The head of the FBI's Boston office is warning the region's top universities to be on the lookout for foreign spies or potential terrorists who might be trying to steal unclassified, yet sensitive, research.

FBI agents met recently with officials at Harvard University, Massachusetts Institute of Technology, the University of Massachusetts and other schools to train professors, students and security staff on how to recognize anyone who might be trying to exploit research, Special Agent in Charge Warren Bamford said.

More visits are scheduled as part of a larger nationwide program, he said.

Bamford stressed that the FBI is not seeking to censor information or stop the free flow of information, just raise awareness.

"The academic community is designed to be open, and we just have to make the community aware," he said.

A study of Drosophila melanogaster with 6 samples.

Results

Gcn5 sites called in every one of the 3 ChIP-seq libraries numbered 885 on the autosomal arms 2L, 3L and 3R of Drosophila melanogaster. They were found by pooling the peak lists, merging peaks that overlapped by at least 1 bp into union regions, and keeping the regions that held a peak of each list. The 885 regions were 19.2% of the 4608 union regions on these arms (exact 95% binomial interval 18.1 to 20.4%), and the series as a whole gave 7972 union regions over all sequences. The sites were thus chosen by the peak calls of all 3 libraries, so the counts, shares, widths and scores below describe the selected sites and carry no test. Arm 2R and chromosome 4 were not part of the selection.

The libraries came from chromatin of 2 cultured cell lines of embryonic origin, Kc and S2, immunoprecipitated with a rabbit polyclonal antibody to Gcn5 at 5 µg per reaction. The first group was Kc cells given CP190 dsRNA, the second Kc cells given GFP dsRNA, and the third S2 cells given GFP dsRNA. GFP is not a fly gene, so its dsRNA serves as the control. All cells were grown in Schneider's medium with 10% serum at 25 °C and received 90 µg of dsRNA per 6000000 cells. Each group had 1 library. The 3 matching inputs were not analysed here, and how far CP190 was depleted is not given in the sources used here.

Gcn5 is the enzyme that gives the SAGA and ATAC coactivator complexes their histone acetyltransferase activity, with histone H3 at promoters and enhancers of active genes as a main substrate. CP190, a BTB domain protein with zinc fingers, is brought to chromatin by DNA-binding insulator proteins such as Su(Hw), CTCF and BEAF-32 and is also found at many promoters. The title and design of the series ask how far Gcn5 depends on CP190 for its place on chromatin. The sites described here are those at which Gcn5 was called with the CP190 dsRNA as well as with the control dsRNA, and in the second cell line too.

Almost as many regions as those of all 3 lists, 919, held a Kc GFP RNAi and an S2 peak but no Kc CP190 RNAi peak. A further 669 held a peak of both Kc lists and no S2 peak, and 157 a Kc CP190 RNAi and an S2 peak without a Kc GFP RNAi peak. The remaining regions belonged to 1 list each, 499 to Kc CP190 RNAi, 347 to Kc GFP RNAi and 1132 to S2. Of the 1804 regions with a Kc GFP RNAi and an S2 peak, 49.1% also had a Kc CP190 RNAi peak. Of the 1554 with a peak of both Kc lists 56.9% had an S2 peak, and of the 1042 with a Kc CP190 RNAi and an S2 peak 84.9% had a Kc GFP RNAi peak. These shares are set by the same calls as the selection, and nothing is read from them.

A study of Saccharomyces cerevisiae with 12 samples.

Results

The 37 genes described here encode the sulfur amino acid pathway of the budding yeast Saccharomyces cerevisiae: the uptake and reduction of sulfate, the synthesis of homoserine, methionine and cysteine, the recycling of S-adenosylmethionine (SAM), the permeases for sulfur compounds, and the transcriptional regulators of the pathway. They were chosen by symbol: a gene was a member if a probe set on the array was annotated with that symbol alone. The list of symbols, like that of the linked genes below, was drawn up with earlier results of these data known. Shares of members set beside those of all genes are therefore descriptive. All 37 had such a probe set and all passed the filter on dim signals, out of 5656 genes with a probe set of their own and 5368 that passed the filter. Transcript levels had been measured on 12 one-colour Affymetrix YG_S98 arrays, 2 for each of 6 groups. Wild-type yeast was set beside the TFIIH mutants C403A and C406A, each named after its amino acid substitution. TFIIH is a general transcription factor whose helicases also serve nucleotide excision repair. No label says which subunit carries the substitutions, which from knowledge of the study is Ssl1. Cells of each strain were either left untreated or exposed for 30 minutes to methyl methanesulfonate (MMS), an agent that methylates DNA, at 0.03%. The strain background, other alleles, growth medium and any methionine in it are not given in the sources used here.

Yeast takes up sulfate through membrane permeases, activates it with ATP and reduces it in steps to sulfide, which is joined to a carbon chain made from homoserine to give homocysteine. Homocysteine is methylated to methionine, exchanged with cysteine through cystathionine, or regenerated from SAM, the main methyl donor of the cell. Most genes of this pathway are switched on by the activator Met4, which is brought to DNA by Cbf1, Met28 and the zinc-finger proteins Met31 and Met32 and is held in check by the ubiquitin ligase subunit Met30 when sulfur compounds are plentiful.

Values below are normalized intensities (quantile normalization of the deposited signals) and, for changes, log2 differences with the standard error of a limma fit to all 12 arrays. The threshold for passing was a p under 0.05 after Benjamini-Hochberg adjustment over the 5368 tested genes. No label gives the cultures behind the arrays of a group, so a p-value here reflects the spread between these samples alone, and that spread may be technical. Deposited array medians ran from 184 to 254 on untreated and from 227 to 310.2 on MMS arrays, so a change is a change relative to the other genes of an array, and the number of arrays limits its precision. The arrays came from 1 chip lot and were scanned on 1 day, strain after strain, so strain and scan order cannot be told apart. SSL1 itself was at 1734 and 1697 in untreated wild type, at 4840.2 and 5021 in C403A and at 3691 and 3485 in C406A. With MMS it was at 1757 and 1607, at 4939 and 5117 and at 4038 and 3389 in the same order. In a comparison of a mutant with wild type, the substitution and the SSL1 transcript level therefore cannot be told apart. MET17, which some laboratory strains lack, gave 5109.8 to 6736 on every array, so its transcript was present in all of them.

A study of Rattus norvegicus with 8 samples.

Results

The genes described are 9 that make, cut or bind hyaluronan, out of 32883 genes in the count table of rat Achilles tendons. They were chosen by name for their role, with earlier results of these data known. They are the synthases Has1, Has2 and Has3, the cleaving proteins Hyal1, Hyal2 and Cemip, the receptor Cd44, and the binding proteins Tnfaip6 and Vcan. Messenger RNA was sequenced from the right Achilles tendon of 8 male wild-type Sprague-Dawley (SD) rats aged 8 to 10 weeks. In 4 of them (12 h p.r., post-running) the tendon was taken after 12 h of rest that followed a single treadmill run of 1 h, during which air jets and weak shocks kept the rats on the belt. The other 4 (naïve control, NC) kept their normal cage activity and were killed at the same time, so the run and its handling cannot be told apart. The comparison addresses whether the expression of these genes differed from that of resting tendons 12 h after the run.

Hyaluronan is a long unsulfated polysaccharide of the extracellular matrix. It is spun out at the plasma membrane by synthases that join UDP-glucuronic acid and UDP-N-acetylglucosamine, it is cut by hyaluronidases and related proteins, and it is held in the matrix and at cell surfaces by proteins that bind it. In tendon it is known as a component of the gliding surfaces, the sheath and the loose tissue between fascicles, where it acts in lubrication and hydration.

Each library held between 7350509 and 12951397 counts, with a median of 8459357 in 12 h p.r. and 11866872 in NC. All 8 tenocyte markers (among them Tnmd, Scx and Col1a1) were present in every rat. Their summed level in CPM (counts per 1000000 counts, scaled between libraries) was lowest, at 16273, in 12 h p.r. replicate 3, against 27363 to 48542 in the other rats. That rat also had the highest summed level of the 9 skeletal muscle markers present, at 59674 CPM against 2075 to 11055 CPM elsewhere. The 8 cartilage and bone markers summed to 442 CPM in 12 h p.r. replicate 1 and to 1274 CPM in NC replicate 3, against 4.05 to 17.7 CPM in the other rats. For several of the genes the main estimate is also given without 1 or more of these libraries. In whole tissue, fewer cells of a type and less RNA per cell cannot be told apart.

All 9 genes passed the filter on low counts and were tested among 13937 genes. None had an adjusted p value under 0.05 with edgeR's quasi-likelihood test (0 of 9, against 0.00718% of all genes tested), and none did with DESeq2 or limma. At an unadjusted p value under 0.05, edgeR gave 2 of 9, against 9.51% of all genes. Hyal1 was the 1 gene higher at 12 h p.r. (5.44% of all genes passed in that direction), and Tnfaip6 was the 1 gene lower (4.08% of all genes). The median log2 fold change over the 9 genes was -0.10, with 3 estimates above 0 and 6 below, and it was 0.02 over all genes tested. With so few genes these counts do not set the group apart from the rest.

Worcester Polytechnic Institute President Dennis Berkey said the FBI told researchers to protect laptops, especially in foreign countries, and to be wary about who contacts them about their work.

"The general point was, if there is unnatural or unexplained interest in your research and you're nervous about it, here's how to be in touch with us," Berkey said. He said WPI already takes precautions to protect research.

Boston College will probably follow some of the FBI's advice, spokesman Kevin Shea said.

"Boston College was very appreciative of their outreach," Shea said.

John Reinstein, legal director of the American Civil Liberties Union of Massachusetts, expressed reservations about the program, warning that there could be a chilling effect on students or researchers.

"Are you going to ask all the questions you want to ask if someone is out there taking notes and reporting to the FBI that you asked the question which they perceived as suspicious?" Reinstein said.